The Food Network recently hosted its first food-themed awards show, and Minneapolis lost out to Portland, Oregon as the "Delicious Destination of the Year," a distinction given to "a rising city with a fast-growing food scene." While I'm emotionally inclined to root, root, root for the home team, I can't really say I believe Minneapolis deserved to win. A recent piece in the New York Times highlights some of the city's well-received new additions, and I do think Minneapolis was one of the most exciting food destinations in the country from 2001 to December 2005, but that was before it all came crashing down.
Look at this litany of disaster:
Five, the avant-garde restaurant headed by Stewart Woodman, the opening sous chef for New York's Alain Ducasse at the Essex House, fired Woodman, citing management chef differences, and then promptly closed for good in December.
Restaurant Levain, showcase of one of Minneapolis' greatest homegrown chefs, Steven Brown, never got their front of the house issues in line (it was five star cuisine served with little more grace than cafeteria food) and closed on New Year's Eve.
Auriga, most Minneapolis natives' favorite restaurant, where chef Doug Flicker worked magic with local ingredients and headed a team of inspired young cooks who had experience at places like the French Laundry and Fat Duck, closed in January.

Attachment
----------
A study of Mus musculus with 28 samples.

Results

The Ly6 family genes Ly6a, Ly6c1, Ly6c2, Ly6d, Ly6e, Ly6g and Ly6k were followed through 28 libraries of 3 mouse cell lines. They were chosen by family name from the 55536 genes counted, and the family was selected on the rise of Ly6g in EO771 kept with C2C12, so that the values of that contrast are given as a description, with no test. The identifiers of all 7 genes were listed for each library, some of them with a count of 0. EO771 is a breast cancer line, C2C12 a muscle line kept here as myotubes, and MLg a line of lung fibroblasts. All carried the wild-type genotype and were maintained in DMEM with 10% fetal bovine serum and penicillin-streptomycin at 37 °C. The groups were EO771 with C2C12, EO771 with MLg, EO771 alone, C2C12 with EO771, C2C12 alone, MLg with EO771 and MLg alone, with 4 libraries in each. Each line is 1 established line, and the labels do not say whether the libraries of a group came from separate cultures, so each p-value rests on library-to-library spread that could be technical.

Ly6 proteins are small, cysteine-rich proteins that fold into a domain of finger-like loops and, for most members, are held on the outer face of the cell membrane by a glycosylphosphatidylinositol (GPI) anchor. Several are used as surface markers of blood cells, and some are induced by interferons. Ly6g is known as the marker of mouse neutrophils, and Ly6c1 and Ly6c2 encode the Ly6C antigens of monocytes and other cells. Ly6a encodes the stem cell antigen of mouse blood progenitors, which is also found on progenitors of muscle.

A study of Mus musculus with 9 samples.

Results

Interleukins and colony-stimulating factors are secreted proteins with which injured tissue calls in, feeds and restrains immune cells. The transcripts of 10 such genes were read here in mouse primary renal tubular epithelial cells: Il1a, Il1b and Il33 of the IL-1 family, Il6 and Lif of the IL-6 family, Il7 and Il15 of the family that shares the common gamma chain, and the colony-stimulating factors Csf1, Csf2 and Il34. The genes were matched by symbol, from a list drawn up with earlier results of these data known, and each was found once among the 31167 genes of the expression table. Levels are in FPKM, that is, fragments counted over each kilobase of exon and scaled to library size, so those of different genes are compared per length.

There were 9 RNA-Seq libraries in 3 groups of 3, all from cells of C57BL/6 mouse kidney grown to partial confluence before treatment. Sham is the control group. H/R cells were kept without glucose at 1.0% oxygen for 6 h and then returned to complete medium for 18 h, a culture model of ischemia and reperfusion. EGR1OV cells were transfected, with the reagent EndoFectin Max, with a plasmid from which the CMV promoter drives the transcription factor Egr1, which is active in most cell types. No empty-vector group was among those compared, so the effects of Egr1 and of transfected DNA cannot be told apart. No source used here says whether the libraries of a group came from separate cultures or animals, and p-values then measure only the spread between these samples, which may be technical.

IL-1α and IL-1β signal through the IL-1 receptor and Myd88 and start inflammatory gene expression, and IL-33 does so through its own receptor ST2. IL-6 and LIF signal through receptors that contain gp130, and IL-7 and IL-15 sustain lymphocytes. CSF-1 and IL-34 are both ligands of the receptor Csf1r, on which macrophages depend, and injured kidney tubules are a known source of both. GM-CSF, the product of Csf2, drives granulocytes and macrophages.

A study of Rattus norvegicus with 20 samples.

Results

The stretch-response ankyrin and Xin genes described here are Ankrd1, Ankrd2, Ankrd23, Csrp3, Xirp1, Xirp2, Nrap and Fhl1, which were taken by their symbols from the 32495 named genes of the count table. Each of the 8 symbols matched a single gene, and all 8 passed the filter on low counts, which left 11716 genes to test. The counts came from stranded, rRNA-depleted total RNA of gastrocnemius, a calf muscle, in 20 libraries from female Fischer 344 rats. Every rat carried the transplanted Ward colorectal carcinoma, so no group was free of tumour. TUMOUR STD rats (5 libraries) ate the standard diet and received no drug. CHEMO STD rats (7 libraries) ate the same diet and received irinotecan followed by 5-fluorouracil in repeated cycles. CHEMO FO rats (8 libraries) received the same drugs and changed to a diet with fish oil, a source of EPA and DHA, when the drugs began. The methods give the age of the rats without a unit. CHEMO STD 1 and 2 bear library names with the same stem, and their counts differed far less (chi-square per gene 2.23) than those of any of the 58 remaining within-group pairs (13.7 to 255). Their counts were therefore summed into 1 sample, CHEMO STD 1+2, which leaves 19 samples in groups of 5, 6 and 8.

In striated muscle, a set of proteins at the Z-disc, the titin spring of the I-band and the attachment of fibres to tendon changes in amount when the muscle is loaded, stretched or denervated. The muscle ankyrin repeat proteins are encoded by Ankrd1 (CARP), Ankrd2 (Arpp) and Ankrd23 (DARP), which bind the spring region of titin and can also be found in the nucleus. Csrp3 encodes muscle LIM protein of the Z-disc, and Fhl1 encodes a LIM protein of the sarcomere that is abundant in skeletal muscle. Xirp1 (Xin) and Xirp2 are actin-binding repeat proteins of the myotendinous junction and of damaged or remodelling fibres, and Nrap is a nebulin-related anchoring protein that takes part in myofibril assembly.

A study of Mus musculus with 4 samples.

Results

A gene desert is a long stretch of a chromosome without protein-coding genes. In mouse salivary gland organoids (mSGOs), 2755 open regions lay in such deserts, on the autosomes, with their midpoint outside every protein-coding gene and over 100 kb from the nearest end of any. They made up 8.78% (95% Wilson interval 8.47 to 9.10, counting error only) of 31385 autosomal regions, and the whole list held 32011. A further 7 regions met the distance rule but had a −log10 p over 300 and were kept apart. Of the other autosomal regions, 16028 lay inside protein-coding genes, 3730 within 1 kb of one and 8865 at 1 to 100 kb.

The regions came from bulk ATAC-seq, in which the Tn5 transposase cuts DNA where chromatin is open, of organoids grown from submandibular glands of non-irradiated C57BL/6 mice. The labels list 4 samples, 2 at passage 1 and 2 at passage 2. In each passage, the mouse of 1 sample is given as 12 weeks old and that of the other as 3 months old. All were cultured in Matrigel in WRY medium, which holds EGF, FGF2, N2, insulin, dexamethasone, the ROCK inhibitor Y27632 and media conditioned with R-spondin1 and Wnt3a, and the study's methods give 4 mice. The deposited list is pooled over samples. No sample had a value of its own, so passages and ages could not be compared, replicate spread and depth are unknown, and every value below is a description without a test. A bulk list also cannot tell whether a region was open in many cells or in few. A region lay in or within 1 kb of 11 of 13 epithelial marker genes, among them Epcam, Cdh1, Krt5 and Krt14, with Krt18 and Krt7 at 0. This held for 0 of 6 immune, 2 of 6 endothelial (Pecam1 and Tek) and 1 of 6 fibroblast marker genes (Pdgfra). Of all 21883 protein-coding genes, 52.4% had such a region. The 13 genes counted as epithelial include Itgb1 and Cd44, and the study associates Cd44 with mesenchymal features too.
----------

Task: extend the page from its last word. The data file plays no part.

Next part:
Lenny Russo, the native food champion picked to head Cue, the showpiece restaurant at Jean Nouvel's new Guthrie theater, left that restaurant in February.
Marianne Miller, one of Minneapolis' most talented chefs, had been out of work since the restaurant she had worked at, Bobino, went under last spring.
In short, this city is a shadow of what it was last November, and nowhere near as thrilling as it was in its heyday, which was probably 2004. Every restaurant-thinker in town has his or her own theory of what went wrong: Some say we simply grew too fast, and had too many seats for the number of diners. Some say Minnesotans just don't like fine dining—we tried it, but ultimately prefer more inexpensive, informal comfort foods. Some say that the new crop of restaurants headed by coastal superstars—like 20.21, the Wolfgang Puck restaurant at the Walker Art Center, and the Jean Georges restaurant at the Minneapolis Chambers Hotel—are competing unfairly, since their build-out costs, snow-shoveling costs and whatnot are covered under the umbrella of a different business model. Who knows?
People keep asking me if there's anything rising from the ashes, but the sad answer is: Not yet. Of course Minneapolis isn't dead in the water: The Corner Table, Eatery 112, the Modern Cafe, Fugaise, Sapor, the Town Talk Diner, Heartland, Lucia's, Spoonriver, Vincent, and JP's American Bistro are all home-grown gems where local food-lovers find excitement, energy, and wonderful food. Still, when Portland took our coveted title, I'm sure I wasn't the only Minnesotan sighing that it used to be a little more delicious here, once.